The music business gave broadcasters the cold shoulder late Tuesday (Oct. 26), all but rejecting the new terms under which broadcasters would pay royalty fees for music played over the air. The National Association of Broadcasters voted on the new terms during the organization’s annual fall meeting.
Though the terms were similar to what the NAB and musicFIRST discussed in August, musicFIRST found the differences between the old and new terms a deal-breaker.
“We are deeply troubled by the NAB’s rewrite of the hard-fought agreement musicFIRST struck with broadcaster negotiators this summer,” said Tom Matzzie, a spokesman for musicFIRST. “The radio broadcasters unilaterally cut their digital royalty rates and lowered their terrestrial royalty payment. Those changes by themselves undermined the fundamental economic equation that was core to the July agreement.”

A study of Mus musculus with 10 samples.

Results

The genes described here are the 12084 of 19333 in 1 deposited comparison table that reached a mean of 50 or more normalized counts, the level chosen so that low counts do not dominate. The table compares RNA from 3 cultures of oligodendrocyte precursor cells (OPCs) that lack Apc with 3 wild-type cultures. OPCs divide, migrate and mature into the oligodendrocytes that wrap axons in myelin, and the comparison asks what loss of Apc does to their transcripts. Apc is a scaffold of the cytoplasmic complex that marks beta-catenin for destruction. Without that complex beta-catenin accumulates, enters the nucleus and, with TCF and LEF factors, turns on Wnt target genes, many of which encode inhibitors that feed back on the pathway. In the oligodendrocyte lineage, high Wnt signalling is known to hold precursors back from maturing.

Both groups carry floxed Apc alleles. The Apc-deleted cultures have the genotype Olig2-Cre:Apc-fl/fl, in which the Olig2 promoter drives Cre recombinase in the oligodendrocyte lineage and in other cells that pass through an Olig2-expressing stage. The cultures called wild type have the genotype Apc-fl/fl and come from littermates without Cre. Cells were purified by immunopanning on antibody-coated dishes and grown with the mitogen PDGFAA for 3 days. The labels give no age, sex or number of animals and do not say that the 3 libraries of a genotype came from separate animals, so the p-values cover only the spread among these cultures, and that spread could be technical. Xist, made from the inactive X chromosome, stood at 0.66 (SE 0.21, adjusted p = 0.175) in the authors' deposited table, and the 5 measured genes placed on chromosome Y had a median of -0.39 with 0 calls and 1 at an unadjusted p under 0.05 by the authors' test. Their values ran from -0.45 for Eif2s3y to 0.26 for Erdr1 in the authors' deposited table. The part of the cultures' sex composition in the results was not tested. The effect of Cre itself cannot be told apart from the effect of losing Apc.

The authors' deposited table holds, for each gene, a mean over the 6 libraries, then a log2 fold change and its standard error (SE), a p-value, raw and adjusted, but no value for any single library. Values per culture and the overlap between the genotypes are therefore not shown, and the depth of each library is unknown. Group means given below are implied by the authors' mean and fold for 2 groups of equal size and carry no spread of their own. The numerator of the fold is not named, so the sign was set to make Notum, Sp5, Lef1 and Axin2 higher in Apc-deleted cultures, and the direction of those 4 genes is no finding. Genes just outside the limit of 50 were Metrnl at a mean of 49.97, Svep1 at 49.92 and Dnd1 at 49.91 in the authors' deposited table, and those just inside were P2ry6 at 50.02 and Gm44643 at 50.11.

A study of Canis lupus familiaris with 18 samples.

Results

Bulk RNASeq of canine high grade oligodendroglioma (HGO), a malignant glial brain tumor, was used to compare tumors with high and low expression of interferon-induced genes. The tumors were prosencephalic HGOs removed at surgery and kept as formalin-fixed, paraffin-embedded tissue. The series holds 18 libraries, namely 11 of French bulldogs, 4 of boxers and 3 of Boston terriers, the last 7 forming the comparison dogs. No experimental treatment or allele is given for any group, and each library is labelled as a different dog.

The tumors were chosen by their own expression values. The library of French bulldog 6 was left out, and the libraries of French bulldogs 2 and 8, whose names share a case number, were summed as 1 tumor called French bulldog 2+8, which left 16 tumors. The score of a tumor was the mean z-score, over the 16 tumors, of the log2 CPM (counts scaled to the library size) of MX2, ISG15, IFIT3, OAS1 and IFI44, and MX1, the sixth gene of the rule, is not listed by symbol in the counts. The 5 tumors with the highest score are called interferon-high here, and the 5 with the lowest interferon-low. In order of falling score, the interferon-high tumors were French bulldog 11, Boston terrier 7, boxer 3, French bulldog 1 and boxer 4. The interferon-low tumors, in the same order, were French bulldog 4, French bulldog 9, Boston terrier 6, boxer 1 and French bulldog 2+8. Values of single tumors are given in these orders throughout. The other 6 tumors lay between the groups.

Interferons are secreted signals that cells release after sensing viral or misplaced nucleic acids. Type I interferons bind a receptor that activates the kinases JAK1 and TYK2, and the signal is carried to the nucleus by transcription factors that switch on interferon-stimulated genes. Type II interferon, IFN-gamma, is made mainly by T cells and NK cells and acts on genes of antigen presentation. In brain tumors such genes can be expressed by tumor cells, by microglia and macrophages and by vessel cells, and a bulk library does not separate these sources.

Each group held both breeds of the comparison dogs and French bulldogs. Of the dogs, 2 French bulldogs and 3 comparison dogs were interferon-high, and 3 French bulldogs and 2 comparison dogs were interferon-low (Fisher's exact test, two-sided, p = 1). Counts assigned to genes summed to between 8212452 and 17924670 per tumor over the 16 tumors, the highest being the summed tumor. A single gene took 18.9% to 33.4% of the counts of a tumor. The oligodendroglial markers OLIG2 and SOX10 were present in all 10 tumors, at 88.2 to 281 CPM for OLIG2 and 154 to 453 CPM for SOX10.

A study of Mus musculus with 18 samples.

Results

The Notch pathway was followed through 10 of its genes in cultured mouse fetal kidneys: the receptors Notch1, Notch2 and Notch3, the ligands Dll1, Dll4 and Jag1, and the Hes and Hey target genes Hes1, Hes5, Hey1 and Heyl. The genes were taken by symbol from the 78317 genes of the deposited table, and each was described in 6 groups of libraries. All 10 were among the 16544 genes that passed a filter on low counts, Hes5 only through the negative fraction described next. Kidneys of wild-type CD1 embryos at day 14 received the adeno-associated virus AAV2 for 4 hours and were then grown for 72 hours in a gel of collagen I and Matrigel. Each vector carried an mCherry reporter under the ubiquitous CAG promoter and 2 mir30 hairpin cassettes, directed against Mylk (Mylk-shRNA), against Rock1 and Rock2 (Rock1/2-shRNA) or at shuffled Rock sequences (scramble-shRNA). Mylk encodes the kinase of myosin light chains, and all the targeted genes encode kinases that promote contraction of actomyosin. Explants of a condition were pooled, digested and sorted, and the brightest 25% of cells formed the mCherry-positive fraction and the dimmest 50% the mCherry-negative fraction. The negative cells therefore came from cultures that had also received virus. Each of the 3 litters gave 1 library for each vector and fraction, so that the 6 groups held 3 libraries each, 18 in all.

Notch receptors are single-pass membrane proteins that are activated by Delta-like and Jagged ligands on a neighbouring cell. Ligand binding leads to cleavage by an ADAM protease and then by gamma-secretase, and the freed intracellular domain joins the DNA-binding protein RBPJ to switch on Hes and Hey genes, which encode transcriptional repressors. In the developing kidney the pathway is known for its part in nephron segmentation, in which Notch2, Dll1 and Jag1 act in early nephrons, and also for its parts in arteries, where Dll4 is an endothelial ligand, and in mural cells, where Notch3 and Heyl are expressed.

Under the new terms, broadcasters would pay a tiered rate of 1 percent of industry revenue, adding up to about $100 million a year. That rate would be flexible, depending on whether Congress mandates radio chips in cell phones, something both radio stations and music artists would like to expand their audiences. If the legislative mandate doesn’t fly, broadcasters would pay an initial performance fee of 0.25 percent of net industry revenue until radio chips reach 75 percent of all mobile devices.
NAB president and CEO Gordon Smith said he was disappointed with musicFIRST’s position that there was a definitive July agreement. “This is demonstrably false. If this were true, why would our two sides have continued with negotiations in August, September and October?” Smith asked.
musicFIRST said it intends to push forward with Congress. “Fortunately, Congress writes the laws, not trade association like the NAB,” Matzzie said.